Bell Atlantic Mobile Systems Inc. misrepresented its plans for a communications tower near My Ladys Manor when the company sought county zoning clearances, a lawyer for residents opposed to the tower arguedin Harford Circuit Court on Tuesday.
Robert P. Brophy, a Bel Air attorney hired by residents opposed to the proposal, contended that Bell Atlantic provided incomplete information on both its federal permit for the tower and the structure's proximity to historic My Ladys Manor when it sought a special zoning exception from the county.
But Albert J. A. Young, a Bell Atlantic attorney, dismissed Brophy's arguments, saying that the residents have not produced any evidence to support why the tower should not be approved.
Citizens who live near the site for the tower are concerned that the structure willpose a health threat and lower property values. Several appealed to the Circuit Court after the county granted Bell Atlantic's request for a special exception last Aug. 20.
Brophy asked the court during Tuesday's hearing to reverse the county's approval for the 280-foot tower or send the plans for the structure back to the county for another review because of any misrepresentations.
"We believe (Bell Atlantic) did not represent themselves appropriately," said Brophy, who is representing three Monkton residents. "We believe that's a significant area of discrepancy."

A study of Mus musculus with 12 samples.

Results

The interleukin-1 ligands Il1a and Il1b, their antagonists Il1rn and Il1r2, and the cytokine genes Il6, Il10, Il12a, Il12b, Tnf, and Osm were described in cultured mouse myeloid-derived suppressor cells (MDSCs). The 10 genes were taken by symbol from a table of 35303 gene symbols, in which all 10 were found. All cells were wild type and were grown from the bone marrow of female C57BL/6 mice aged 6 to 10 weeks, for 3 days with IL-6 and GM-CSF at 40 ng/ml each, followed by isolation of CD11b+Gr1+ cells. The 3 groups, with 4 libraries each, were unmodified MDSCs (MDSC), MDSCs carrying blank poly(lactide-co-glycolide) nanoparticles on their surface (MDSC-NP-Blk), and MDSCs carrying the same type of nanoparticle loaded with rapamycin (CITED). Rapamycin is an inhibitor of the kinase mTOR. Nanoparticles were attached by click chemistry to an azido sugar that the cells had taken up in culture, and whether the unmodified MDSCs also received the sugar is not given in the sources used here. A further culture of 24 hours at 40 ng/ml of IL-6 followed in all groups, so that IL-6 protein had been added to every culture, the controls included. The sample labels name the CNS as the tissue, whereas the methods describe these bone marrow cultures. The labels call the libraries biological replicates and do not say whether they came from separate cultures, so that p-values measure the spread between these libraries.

Harford Circuit Judge William O. Carr did not issue a ruling on Brophy's request following the hearing. He said he wants to review the case further.
Bell Atlantic of Bedminster, N.J., plans to lease a portion of Ross and Jeanette Smith's 150-acre farm in the 4100 block of Old York Road near Monkton. The tower would be built there to serve cellular telephone communications.
Young, the lawyer representing Bell Atlantic and the Smiths, argued Tuesday that the court should dismiss the appeal because questions over the permit and the historic district were not raised during proceedings before the county zoning hearing examiner.
Appeals of zoning cases similar to the Bell Atlantic tower must be based on the record ofproceedings before the hearing examiner, Young argued.
"Not a single fact (Brophy) stated is in the record," he said. "This is a case of figuring something out after a hearing and wishing to go back afterward."
Brophy argued that Bell Atlantic representatives told Zoning Hearing Examiner William F. Casey during hearings last July that the company had federal approval for the tower.
A Harford County Sun reporter reviewed records at the Federal Communications Commission in Washington on Feb. 4.
Those records reveal that Bell Atlantic had not received the FCC permit at the time the company went before the county for the zoning approval. It received the FCC permit Feb. 11.
Brophy said Bell Atlantic also told the county that no historic or cultural landmarks are near the proposed site for the tower.
But, he said, the site is adjacent to My Ladys Manor, a sprawling agricultural area in Baltimore and Harford counties listed on the National Register of Historic Places.
Because the county was not informed that the tower was near My Ladys Manor, plans for the tower were not sent to the Maryland Historic Trust for a review, Brophy said.
Federal historic preservation guidelines require the state to review allconstruction plans proposed for historic areas.
A Bell Atlantic spokesman said in February that county government never requested thatthe company file its plans with the trust for the required review.